Petrol firms and supermarkets will be pressed by the Government to pass on the benefit of falling oil prices to customers filling up at the pumps.
Treasury Chief Secretary Danny Alexander will demand an assurance from fuel companies and distributors that they are doing all they can to pass on the price cuts to motorists.
Mr Alexander will use a speech in Aberdeen to warn people would "rightly be angry" if they felt prices were not coming down as much as they should. Brent crude slumped as low as 82 dollars a barrel earlier this week, its lowest level in just over four years due to concerns about over-supply. Mr Alexander will say that consumers feel pump prices rise "like a rocket" when oil costs go up, but fall "like a feather" when they come down.
The Liberal Democrat Cabinet minister will say: "Especially in the current economic circumstances people would rightly be angry if they feel that pump prices don't fall as much as they should on the back of falling oil prices. I believe it's called the rocket and feather effect. The public have a suspicion that when the price of oil rises, pump prices go up like a rocket.
"But when the price of oil falls, pump prices drift down like a feather. This has been investigated before and no conclusive evidence was found. But even if there were a suspicion it could be true this time it would be an outrage."
Mr Alexander said he would write to the industry's major players "seeking their assurance that they are doing all they can to pass on the benefit of falling oil prices as quickly as possible". When the price of oil falls, the public have a right to expect pump prices to fall like a stone, not a feather," he will say.
Highlighting the Treasury's action to freeze fuel duty, Mr Alexander will say: "I have made sure over the last four years that Government has helped with the cost of fuel. And when the oil price falls, industry must do all it can to help too."
Lobby group FairFuelUK called for an inquiry into petrol prices by the Office of Fair Trading and also demanded a 3p cut in fuel duty.
Quentin Willson of FairFuelUK said: "We can't have a posse of speculative operators, led by the big banks, playing games with our financial future. The recession in 2007/08 began when the supply chain buckled under the weight of the 145 dollar barrel. We simply cannot ever allow that to happen again. In our opinion, the sooner we have legislation to stop opportunistic oil speculation by non-physical trading activity, the better."
RAC Foundation director Professor Stephen Glaister said: "It is encouraging that Mr Alexander shares the concerns of the nation's drivers but in a way he is passing the buck. The biggest driver of pump prices remains the Government. Well over 60% of the price is tax. And that share could rise sharply with the reintroduction of the fuel duty escalator.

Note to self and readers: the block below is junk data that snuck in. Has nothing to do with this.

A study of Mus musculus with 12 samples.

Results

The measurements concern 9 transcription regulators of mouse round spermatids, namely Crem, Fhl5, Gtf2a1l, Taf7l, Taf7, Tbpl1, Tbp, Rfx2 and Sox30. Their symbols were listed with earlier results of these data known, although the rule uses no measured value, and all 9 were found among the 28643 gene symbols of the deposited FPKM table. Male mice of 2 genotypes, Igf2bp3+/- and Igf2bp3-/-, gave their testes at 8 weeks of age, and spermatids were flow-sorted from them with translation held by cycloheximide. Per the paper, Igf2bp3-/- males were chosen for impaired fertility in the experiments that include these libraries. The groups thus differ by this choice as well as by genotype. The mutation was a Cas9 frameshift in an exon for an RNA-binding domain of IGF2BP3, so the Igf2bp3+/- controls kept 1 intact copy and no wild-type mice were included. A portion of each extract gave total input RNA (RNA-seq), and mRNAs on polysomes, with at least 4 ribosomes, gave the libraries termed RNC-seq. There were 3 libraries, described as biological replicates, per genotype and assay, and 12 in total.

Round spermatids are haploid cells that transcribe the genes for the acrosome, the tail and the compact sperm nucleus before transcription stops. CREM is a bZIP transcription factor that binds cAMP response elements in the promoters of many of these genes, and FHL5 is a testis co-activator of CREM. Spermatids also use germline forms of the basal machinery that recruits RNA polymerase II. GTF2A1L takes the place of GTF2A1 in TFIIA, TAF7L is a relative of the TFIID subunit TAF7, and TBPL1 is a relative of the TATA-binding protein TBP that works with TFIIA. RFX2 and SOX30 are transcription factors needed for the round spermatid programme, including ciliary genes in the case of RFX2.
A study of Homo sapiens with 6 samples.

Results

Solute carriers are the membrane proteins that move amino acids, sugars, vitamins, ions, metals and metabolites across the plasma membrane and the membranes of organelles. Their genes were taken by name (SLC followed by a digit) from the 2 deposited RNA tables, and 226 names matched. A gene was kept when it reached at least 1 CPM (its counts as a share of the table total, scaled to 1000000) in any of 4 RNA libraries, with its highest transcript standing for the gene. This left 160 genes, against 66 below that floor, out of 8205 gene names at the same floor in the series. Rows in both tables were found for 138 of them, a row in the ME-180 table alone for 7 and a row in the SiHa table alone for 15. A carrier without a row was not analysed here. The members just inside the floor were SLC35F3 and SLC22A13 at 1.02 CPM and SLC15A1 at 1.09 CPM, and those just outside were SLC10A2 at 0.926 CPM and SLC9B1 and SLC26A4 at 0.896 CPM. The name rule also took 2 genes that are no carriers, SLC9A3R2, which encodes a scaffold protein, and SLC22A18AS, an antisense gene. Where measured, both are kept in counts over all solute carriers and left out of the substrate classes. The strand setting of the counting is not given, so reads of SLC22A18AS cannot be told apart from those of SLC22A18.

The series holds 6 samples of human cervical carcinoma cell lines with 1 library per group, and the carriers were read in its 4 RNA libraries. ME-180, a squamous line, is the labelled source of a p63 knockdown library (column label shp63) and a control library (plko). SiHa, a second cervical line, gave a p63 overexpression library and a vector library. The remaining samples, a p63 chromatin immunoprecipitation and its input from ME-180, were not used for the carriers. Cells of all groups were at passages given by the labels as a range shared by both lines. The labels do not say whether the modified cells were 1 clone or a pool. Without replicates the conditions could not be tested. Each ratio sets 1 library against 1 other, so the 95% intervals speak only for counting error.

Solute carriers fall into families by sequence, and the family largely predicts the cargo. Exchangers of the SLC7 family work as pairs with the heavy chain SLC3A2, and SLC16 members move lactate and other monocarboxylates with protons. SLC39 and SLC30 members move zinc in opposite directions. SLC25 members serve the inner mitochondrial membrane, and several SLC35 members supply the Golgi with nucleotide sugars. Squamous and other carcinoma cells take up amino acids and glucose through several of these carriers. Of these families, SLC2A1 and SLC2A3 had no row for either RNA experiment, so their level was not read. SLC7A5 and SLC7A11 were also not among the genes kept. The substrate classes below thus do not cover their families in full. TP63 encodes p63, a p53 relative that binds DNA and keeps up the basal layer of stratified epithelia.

"Though the Chancellor has said he will freeze fuel duty until the election, he has also committed to hikes in duty above the rate of inflation if the oil price falls to 75 dollars a barrel. Which is it to be?"
AA president Edmund King welcomed the Government move, but added: "They themselves could do more."
He went on: "First, policies to help strengthen the pound by just ten cents against the dollar would double the potential for a 2p-a-litre fall in the price of petrol to 4p. Secondly, the Government's failure to introduce fuel price transparency, showing the relationship between oil, wholesale and pump prices, has helped no one. Consumers can't see if they are paying a fair price for their fuel and retailers are less able to defend themselves against claims of profiteering."
Mr King went on: "The Treasury's Chief Secretary, as a rural Scottish MP who once took on a supermarket giant to get fairer prices in his constituency, will also understand the need to encourage fuel retailers in small rural towns of 10,000-15,000 to pass on price cuts more quickly.
"Lower pump prices also expose more fully the burden of fuel taxation, currently around 65% of the cost of a litre of petrol. The Government has undertaken to freeze fuel duty until the election, but any political party that advocates a fuel duty increase afterwards will suffer a backlash - such has been the trauma for families and businesses of pump price spikes from 2011 through to last year."